There are plenty of inspiring articles about making lifestyle changes, but the truth is that it can be hard to change your life and make it stick. Chances are, you have seen this in others or experienced it yourself. Lost weight often comes back. New Year’s resolutions frequently fail. Gyms notoriously get a lot of signups early in January with a big drop-off in participation by the end of the month. Maybe you can remember times when you felt very motivated to practice a musical instrument daily or to get to bed at a certain time every night only to lose interest or fall back on old habits. A big lifestyle change is not impossible, but it’s not easy either. The tips below can help you stick to your changes.
Dig Into the ‘Why’
While sometimes there are genuine outside obstacles that get in the way of pursuing your dreams, what people often do is self-sabotage, even if they do not realize it consciously. This can happen when the goal is not one you are truly interested in pursuing. These are usually things that you have been pressured by others into pursuing or that you feel like you should go after. For example, perhaps you feel you need to jump-start your career instead of continuing at the stable but unambitious job that you have. However, you fumble interviews for promotions or fail to study for an exam you need to pass to advance. It’s worth considering whether you genuinely want a high-powered career or if you simply feel that it is something you should want. If you can meet your financial obligations and you are happy where you are, finding fulfillment in activities outside your job, perhaps you have chosen the wrong goal for yourself.
Make a Plan
Once you have thought through your aspiration and come to a reasonable certainty that it is something you genuinely want to pursue, you need to make a plan. This involves thinking about how you want to get from where you are to where you want to be. Perhaps you really do want to push harder in your career or change careers. You might need to get that bachelor’s degree you never completed or get a different degree than the one you have. Part of making the plan involves thinking through obstacles and how you will handle them. For example, you might wonder how you will pay for college. A mix of federal and private loans may help. If you are concerned about repaying the debt, you can use a student loan repayment calculator to determine what your payments will be to private lenders. You should also consider whether the pay from your new career will cover that or if you will need to tighten your budget or even pursue a different career. Making these plans can help prevent you from giving up when you face your first serious obstacles.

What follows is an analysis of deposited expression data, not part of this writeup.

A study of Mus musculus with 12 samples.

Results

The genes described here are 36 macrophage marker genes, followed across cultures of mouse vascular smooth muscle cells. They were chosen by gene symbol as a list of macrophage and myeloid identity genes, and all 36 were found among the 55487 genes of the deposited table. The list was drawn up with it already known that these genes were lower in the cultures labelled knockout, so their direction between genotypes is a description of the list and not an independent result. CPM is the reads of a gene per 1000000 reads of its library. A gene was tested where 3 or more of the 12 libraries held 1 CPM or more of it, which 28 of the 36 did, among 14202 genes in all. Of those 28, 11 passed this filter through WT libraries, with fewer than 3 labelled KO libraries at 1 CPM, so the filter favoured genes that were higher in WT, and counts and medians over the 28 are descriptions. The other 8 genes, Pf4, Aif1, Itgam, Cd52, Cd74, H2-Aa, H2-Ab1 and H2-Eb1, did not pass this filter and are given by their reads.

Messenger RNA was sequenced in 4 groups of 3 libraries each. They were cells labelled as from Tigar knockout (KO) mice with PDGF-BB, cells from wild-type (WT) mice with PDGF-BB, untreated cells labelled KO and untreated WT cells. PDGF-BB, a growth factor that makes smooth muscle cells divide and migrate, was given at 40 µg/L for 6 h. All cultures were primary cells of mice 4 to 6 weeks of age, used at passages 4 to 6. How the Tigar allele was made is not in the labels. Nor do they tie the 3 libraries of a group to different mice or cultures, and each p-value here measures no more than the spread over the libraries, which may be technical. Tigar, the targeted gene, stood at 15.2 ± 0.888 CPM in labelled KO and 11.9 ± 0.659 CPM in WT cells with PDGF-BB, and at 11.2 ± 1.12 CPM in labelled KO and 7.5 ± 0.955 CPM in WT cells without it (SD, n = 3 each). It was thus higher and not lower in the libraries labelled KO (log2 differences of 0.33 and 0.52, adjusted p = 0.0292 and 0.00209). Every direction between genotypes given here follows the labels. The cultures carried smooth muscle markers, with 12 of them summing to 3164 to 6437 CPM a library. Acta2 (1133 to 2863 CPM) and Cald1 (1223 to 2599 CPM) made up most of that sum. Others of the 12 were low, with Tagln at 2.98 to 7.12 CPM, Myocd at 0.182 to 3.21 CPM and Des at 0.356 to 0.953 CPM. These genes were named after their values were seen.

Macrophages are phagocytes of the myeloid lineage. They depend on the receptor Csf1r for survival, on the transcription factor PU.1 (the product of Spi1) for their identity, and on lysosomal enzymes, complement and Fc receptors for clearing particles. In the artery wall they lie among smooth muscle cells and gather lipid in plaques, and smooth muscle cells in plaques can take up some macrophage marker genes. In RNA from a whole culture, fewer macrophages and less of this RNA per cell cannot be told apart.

Make Your Steps Manageable
A common reason for failure to keep progressing toward goals is trying to do too much at once. Small lifestyle changes that are gradually integrated tend to be the ones that stick. Your goal may be to run a marathon, but no one expects to be able to go 26 or even half that distance to start. If you don’t run at all, you might need to start by walking a few times a week. Even that big career change goal does not need to involve quitting your job all at once. The first step might be taking one class or beginning to read blogs, newsletters or journals about the field that interests you. Track your progress so that you can see how far you’ve come in a few weeks even when it feels as though you aren’t changing much day to day.
Rewards can give you something to work toward, but building in accountability in other ways is important too. One of the best ways to be accountable is using a buddy system. Find someone else who is pursuing a similar aim. This might be someone online if you don’t have anyone in your daily life who is suitable. You can encourage one another or even engage in the activity you are pursuing together in some cases. There are also some very creative ways people make themselves accountable. For example, you could give a friend $50 or $100 that they are allowed to send to a cause that you do not support if you don’t meet your goal. Sometimes, simply telling other people about your plan is sufficient. Accountability should not be needlessly punitive. Instead, it is about finding a fun and engaging way to keep yourself on track.
Streamline Your Life
Some people have found success with a lifestyle change by examining how they spend their days and considering whether their everyday actions correspond to the goal they eventually want to reach. For example, perhaps you really want to learn a language but you never seem to have time to take a class, work with a language app or watch a foreign film to brush up on your listening skills. Learning the language becomes a “someday” goal that you never really make any progress on even though you have plenty of time to scroll social media or binge your favorite TV show for the third time. What if you arranged your life so that you spent more time in activities that actively supported the change you want to make? Over time, you can significantly change your lifestyle to reach your aims.